LASER TALK: The many ways to price carbon pollution

LASER TALK: THE MANY WAYS TO PRICE CARBON POLLUTION
There are many ways to price carbon. They are listed here from least transparent to most transparent:

  1. The Status Quo: external costs of climate change are not internalized and the taxpayer is forced to pay for climate and health-related damages through their taxes and insurance premiums.
  2. Green Subsidies: Government subsidies of green technologies with taxpayer dollars is a populist idea not grounded in economics. It is a distortionary system that muddies the market signal and is thus inefficient. (1) However, sometimes energy subsidies for a limited time might be considered to help kick-start the transformation necessary.
  3. Regulation: sector by sector regulation of all the sectors in the economy that produce carbon pollution. Some regulations are complementary to carbon pricing and will be needed such as coal phase out. (2)
  4. Cap and Trade: put a mandatory limit (or “cap”) on a portion of national emissions, and allow firms to buy and sell rights to emit within the cap as well. This can be with or without offsets. A carbon offset is a reduction in emissions of carbon dioxide or other greenhouse gases made in order to compensate for an emission made elsewhere. (3) In the Western Climate Initiative, all cap and trade allowances collected by law are put into programs that reduce carbon emissions.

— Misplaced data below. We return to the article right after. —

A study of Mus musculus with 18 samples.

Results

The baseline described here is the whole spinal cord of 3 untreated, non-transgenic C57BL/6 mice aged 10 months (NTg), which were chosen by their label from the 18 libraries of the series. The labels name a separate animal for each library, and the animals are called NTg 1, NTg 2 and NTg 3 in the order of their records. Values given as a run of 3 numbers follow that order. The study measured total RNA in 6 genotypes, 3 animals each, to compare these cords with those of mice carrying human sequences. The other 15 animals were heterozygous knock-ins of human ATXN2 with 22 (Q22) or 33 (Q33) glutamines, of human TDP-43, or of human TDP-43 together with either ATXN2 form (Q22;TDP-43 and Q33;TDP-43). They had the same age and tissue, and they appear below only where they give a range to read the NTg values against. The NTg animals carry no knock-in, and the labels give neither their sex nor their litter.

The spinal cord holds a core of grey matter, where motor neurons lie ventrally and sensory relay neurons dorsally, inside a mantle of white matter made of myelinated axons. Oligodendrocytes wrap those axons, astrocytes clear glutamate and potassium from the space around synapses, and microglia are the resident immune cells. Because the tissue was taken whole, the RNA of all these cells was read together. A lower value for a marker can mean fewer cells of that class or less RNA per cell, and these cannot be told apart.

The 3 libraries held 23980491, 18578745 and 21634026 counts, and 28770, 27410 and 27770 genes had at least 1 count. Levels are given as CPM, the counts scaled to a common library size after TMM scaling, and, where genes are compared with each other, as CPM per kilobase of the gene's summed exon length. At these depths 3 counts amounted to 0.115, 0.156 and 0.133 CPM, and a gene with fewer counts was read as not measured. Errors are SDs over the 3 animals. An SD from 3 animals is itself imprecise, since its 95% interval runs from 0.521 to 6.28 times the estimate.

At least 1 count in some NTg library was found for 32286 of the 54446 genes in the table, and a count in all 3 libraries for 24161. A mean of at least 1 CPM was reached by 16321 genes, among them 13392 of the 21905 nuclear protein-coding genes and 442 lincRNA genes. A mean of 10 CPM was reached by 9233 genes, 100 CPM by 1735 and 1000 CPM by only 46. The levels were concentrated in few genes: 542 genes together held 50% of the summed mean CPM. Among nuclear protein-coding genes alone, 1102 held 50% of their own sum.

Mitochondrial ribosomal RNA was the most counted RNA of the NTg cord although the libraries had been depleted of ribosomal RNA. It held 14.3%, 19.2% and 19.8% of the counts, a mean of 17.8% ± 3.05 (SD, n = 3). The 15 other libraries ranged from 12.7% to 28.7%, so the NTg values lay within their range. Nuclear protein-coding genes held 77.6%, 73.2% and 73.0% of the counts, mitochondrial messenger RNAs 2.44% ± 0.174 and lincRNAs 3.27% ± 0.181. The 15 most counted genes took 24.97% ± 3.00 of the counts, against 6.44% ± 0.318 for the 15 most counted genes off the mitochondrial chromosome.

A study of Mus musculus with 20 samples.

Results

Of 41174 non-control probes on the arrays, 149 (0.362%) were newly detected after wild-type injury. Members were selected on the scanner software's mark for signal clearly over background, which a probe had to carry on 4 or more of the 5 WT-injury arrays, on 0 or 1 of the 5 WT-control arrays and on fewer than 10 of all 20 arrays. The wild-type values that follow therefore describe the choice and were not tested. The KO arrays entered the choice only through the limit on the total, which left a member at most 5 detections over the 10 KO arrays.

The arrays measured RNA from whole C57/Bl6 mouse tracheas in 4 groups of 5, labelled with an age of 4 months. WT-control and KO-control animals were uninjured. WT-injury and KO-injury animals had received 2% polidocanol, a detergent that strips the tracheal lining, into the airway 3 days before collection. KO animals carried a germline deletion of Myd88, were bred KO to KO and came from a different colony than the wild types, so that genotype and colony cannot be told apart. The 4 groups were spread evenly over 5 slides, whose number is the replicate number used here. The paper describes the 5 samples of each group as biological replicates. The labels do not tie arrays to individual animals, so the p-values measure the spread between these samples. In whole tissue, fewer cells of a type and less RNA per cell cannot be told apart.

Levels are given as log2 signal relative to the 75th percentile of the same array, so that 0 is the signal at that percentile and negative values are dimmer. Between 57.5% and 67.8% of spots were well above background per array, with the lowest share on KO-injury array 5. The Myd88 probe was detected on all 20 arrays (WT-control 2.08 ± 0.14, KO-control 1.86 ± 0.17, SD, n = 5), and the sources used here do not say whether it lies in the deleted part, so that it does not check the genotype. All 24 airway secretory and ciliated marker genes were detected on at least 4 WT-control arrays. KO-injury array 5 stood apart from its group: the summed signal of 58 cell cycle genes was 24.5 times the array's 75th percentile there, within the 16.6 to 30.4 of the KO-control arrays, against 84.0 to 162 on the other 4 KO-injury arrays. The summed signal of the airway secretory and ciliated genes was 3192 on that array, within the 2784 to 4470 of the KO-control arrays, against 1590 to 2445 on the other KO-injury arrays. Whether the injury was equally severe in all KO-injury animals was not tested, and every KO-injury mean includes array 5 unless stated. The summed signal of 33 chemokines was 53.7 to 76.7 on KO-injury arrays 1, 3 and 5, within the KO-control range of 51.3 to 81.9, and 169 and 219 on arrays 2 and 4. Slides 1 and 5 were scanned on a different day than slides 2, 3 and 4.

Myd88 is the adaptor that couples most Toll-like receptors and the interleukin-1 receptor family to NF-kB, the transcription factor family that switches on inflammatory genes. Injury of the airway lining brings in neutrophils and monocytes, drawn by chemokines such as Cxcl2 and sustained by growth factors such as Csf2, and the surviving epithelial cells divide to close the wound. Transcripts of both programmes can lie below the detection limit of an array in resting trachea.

5. Carbon Tax: a tax based on greenhouse gas emissions generated from burning fuels. The tax may or may not be revenue neutral. A revenue neutral tax is one that does not have a net increase in overall federal tax revenues. (4)
  6. Cap and Dividend: Same as cap and trade with one exception: 100% of the money collected by the government from the sale of allowances is returned to households and is not put into programs.
  7. Carbon Fee and Dividend: An incrementally increasing fee is placed on carbon pollution and 100% of the money is returned to households. The term fee is used deliberately to indicate clearly that it is a revenue neutral pricing system. Carbon Fee and Dividend, as proposed by Citizens Climate Lobby, is an upstream fee and is levied at point of production of fossil fuels. A downstream tax, on the other hand, would be levied at the point of consumption of fossil fuels and/or products dependent on fossil fuels.

 


REFERENCES

(1) http://documents.worldbank.org/curated/en/209041530236682559/Where-is-the-carbon-tax-after-thirty-years-of-research

(2) https://canada.citizensclimatelobby.org/laser-talk-complementary-policies-to-carbon-pricing/
(3) Quebec, California and the European Union are jurisdictions that have implemented cap and trade with offsets to mitigate their greenhouse gas emissions. (3) Ontario is in the process of exiting the cap and trade program with Quebec and California.
(4) British Columbia, Alberta,  Norway and Sweden have carbon taxes. On Monday, October 3, 2016, Prime Minister Justin Trudeau announced that Canada will establish a floor price on carbon pollution of $10 a tonne in 2019, rising to $50 a tonne by 2022.  It was passed into law in June 2018.